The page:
Green Mountains

Vermont, with its soft, rolling mountains, deep blue lakes, and laid-back vibe, is one of my favorite places. I grew up on the Connecticut River, the border between Vermont, and my home state, New Hampshire. I remember being very small and thinking about how you could always tell when you crossed the border. Sure, you cross a river, but the mountains are softer and the people are somehow gentler in a way I can't put my finger on. There are no billboards. Crossing into Vermont from New York was no different. I looked ahead and thought "That looks like Vermont". Sure enough, I crested a hill and watched Vermont unfurl below, the state line passing in a blur as I increased my speed, happy to see those hills again.

I headed for Brattleboro, where I would spend a couple of nights with my college friends, Suzie and Isaac. I mucked around in my car for a little bit, consolidating things and tidying up, then Isaac and I headed off to pick up his son at a local wilderness camp. It was the final day, so the kids made milkweed fritters and cooked fish they'd caught in a nearby stream. After chatting with some parents and listening to all of the kids describe their favorite part of the week-long experience, we made our way home.

We went to dinner at a place overlooking the river, finding a quiet spot upstairs after navigating through a Margaritaville themed party outside. The food was good, and it was easy to pick up where we all left off 20+ years ago.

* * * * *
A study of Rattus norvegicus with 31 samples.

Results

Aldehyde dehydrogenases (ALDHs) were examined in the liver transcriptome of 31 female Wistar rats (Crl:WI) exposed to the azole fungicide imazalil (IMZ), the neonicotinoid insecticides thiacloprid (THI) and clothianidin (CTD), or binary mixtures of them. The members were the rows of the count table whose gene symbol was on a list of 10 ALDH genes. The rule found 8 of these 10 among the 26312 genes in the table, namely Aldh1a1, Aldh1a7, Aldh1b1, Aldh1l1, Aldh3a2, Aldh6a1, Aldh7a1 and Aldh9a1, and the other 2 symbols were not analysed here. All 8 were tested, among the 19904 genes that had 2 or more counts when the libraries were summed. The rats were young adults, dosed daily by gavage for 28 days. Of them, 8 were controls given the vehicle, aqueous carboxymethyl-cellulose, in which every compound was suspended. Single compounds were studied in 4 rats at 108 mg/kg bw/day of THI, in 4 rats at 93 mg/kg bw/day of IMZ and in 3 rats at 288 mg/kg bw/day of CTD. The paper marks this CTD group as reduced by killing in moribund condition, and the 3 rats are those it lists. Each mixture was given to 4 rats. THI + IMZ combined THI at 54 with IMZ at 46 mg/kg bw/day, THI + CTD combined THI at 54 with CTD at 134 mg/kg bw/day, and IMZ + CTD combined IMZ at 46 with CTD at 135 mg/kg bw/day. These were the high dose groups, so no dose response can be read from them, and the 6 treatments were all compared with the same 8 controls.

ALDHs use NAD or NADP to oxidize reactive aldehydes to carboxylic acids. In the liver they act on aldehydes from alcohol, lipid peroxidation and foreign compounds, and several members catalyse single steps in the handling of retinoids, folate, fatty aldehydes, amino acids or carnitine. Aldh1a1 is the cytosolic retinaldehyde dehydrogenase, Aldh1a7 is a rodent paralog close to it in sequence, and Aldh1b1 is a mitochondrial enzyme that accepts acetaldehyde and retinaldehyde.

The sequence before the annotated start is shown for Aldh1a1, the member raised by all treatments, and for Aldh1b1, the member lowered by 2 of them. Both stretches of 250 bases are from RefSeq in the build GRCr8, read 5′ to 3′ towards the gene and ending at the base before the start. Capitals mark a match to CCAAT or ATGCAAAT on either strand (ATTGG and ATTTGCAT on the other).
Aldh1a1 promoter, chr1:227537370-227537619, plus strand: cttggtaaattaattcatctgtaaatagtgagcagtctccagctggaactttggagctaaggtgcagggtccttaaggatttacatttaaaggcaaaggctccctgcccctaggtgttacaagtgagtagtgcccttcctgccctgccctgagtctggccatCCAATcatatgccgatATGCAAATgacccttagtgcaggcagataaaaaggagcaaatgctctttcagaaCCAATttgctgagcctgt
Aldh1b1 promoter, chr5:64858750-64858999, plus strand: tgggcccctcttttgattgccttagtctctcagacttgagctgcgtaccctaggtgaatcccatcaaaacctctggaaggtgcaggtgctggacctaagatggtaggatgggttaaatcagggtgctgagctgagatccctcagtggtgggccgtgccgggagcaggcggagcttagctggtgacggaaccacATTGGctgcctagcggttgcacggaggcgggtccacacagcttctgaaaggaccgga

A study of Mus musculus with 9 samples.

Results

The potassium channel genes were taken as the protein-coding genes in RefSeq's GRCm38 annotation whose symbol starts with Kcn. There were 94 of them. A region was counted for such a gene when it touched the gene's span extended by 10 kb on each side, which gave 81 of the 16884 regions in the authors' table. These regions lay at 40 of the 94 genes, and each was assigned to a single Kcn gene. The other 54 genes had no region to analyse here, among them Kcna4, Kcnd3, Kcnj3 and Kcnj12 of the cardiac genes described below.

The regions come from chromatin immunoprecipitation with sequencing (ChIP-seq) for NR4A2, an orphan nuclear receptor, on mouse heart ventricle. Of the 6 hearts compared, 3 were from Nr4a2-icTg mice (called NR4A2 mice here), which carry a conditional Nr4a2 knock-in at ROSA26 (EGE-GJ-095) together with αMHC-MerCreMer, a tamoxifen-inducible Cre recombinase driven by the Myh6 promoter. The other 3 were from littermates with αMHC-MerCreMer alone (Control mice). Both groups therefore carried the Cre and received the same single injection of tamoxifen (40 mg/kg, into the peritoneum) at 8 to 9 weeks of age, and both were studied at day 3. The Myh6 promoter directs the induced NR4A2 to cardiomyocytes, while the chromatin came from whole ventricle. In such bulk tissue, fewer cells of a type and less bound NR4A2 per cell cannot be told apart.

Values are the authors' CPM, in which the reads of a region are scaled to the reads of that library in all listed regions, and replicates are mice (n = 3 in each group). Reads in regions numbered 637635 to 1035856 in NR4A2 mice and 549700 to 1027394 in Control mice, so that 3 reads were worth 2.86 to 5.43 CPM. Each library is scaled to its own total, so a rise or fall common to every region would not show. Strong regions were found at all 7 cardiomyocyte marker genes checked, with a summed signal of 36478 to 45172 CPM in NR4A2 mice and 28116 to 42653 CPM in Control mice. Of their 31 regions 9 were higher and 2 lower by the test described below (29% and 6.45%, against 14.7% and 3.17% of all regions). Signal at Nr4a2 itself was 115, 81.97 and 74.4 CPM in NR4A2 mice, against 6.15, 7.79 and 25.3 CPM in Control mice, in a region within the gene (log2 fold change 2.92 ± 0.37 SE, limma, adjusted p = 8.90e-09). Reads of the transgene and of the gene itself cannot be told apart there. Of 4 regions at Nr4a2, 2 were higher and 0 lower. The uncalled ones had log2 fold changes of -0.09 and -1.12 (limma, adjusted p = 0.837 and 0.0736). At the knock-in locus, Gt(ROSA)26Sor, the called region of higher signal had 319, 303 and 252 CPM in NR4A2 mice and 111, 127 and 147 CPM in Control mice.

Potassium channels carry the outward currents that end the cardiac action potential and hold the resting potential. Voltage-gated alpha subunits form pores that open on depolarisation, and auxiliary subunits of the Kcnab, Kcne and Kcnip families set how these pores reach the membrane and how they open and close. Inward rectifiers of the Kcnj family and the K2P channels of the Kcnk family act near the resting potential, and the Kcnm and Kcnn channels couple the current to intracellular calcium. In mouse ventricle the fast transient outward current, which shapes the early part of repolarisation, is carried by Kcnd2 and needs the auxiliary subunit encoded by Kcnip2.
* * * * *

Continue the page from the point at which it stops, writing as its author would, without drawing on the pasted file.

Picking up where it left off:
We went for an early morning walk in Madame Sherri Forest, wandering through the ruins of the old house before heading up an easy trail to a deserted pond where we threw sticks for Goose. Bright orange and yellow mushrooms dotted the dripping woods and the scent of a recent bear was strong.

I wandered into town, poking into shops but feeling too hot and tired to try things on or spend money. I headed back to the house and went out with Isaac to see some of his recent development projects, watching the fields and woods stream by, happy with the luxury of keeping my eyes off the road. We stopped in at a small general store for some carrot cake jam and checked on the progress of a bridge. We made it home in time for dinner, and then some time in front of the fire pit under the setting sun.

On my last day, we headed to a lake that shall not be named, put in the boat, and putted off to find a rocky outcropping on which to spend most of the day. The place was packed, but we managed to find a good spot and spent a few hours lazing around, swimming, and eating lunch. It was time for me to leave too quickly, so my friends brought me back to my car, where we watched a bald eagle feeding her chicks for a bit before I left.